It’s December 21st, 2012, and welcome to this week’s issue of The App Ecosystem Weekly. This week, we’re looking at app discoverability and if purchasing high rankings in the App Store is a viable strategy, Android security issues, and the new app ecosystem around the Raspberry Pi device. If you’re new to Kinvey’s App Ecosystem Weekly, you can follow us on Twitter here or subscribe via RSS here. We publish weekly roundups of the most interesting and thought provoking stories around the app ecosystem, app development, and the rest of the mobile world.
This Week In App Discovery: How did successful apps get to the top, and why not mine?
As revealed in a survey by app promo this summer, while most app developers understand that marketing is important to their app’s success, more than half of app developers set aside no money for marketing their app and little time for it either. However, developers who actually spent time and money on marketing their apps were well correlated with success – with top earners who earned $50,000 or more spending 14% of their time on marketing and on average, about $30,000 on marketing. As mobile analyst firm VisionMobile pointed out this week, these difficult numbers and developers’ unwillingness to become app marketers as well has launched a number of third party services and providers to help cross that gap. One developer, Chris Devore also blogged previously about the role of demand generation and inbound marketing in creating and marketing successful applications, saying, “blaming the app stores for poor discoverability is a little like blaming Google for not putting your site on the first page of results”.
Many of these services focus on “ASO”, App Store Optimization, by trying to artificially boost downloads to the point the app will rise into one of the top apps listing positions and start to attract downloads from there. These services typically run from 3 to 10 thousand dollars and can survive only as long as the major app store providers like Apple and Google allow them to – Once their attention becomes focused on people gaming the app store rankings in this manner, they will absolutely find ways to shut it down quickly. This isn’t a long-term strategy for anyone, but it is paying off for developers in the short term if they have the financial resources to fund it.
What methods are you using to promote your app and acquire new users? Have you found any particular tactics that were effective for you? Please let us know, we’d love to discuss any useful tactics in a future post on app discovery.
Android Security Issues: Premium SMS Numbers and Memory Security
Two major security issues on the Android platform were demonstrated this week, creating major tech press coverage and interest in how Google will work to secure Android better in the future. One issue revolved around how a user-installed application could take control of the SMS application and force the phone to send messages to premium SMS numbers that charge the costs to your phone bill or could lead to other exploits of the affected device, as demonstrated by a security researcher in Romania with a variety of Android devices from different manufacturers.
Another related story developed from Samsung phones, which were shown to let a malicious app gain control over all the memory in a device. This would allow an attacking app to do literally anything it wanted, from stealing user data to wiping the device or other anything else the app inventor could imagine. Because the exploit also involved a specific piece of commonly used hardware though, nearly all Samsung phones and tablets were affected by this issue. Samsung played down the issue by claiming that most people only run “credible applications” and wouldn’t be affected, but the issue remains open today as they develop a way to prevent this exploit, and then they must issue a software update and hope that their users all update very quickly.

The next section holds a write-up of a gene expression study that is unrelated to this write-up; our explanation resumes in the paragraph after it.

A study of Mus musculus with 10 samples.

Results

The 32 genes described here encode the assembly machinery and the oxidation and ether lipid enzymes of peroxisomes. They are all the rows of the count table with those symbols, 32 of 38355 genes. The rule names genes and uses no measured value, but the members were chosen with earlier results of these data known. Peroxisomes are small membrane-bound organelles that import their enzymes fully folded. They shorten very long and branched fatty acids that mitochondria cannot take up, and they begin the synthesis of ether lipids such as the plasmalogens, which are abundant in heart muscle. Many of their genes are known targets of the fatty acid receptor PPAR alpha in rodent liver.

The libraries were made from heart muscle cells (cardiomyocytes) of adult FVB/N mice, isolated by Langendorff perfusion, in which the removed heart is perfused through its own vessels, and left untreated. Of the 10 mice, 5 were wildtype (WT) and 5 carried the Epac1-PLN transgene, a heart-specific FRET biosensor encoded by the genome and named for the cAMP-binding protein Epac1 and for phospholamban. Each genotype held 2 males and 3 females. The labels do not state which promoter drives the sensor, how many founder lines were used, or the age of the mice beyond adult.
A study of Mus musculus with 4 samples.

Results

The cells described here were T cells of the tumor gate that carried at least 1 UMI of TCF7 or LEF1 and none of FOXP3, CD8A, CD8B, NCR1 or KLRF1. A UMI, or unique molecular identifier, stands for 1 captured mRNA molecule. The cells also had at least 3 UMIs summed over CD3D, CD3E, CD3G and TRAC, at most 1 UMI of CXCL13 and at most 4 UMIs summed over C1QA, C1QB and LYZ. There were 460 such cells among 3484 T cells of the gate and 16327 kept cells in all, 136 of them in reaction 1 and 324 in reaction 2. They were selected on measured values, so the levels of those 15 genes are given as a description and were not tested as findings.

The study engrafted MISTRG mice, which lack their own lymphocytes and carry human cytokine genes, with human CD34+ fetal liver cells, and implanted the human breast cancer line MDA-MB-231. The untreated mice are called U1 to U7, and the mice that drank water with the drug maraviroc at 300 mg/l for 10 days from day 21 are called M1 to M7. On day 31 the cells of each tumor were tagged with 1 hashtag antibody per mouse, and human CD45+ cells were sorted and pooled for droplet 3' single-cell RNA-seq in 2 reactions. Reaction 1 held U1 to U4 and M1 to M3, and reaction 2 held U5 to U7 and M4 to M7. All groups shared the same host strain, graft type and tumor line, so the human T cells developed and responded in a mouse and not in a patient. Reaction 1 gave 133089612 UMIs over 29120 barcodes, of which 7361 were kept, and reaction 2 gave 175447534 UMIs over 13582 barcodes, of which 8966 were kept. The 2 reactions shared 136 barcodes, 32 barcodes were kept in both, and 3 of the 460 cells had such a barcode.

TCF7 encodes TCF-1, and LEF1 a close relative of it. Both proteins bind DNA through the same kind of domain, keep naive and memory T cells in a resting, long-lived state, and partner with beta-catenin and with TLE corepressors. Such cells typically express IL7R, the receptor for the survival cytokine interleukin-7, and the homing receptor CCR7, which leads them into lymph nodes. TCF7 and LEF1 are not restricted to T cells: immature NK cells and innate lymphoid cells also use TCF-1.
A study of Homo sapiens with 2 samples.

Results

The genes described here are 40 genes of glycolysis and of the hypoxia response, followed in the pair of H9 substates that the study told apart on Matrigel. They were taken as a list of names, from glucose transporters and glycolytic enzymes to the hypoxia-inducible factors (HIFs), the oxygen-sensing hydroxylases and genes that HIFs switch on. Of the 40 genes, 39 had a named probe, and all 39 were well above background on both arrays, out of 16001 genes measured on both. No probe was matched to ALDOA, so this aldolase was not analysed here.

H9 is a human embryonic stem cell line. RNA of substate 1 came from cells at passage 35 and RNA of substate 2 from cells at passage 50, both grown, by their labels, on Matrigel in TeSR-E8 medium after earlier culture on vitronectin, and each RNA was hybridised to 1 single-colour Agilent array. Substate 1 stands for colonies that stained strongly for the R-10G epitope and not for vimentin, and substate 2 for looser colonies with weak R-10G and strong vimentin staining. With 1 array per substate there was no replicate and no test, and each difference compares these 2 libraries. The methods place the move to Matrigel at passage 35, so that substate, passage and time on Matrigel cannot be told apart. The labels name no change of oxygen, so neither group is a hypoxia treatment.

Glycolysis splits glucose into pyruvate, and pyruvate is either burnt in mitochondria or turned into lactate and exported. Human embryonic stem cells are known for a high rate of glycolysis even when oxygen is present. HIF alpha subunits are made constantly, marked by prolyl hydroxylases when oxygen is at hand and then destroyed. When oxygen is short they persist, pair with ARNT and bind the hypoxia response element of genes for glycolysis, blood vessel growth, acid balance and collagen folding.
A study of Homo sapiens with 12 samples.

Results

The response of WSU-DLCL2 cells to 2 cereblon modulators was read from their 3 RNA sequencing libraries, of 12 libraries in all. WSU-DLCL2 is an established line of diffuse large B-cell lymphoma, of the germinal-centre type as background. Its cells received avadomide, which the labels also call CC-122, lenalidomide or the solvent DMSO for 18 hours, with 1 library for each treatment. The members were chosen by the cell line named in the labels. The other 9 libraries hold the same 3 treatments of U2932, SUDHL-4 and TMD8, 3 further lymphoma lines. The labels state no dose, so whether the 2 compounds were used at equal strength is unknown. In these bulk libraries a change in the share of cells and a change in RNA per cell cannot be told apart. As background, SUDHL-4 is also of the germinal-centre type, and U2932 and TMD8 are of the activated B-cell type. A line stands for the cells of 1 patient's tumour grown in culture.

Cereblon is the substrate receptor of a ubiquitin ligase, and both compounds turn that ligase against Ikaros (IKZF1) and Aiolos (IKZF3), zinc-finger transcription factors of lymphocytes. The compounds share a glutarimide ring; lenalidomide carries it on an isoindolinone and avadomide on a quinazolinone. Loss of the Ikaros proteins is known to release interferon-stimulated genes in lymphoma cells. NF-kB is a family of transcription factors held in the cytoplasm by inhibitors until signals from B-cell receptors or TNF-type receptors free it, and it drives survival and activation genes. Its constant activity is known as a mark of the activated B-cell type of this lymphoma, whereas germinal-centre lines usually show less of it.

These kinds of issues are just the risks of having a completely open ecosystem, where software developers can do evil as well as good. Companies that are working on their own ecosystems should think closely about what customer data is involved, how it is accessed, and how they can protect their customer’s sensitive data.
Raspberry Pi App Store Launches With Free & Paid Apps
If you’re not familiar with it, the Raspberry Pi is a $35 Linux-based PC that offers most of what most computer users would need for a fraction of the cost of even the cheapest PC. This week, they launched an App Store to help distribute software to run on the platform. While it still has less than thirty apps available in it, already some of their community members are complaining about the idea of people already being in the business of selling Raspberry Pi software. Those people are unfortunately missing the useful point of their new app distribution system – It makes it dramatically easier and simpler to distribute software for the computing platform, which is still less than a year old. From the Raspberry Pi foundation, they stated, “it’s also an easier way into the Raspberry Pi experience for total beginners, who will find everything they need to get going in one place, for free.” The goal isn’t generating profit, but making the experience for a new user better and easier, and reducing the amount of knowledge you need to acquire to turn the system on and do something productive with it.
That’s it for this week’s App Ecosystem Update, covering mobile technologies, app development, and trends in the space. Please follow us on Twitter, subscribe via RSS, and stay tuned for future updates from the Kinvey team!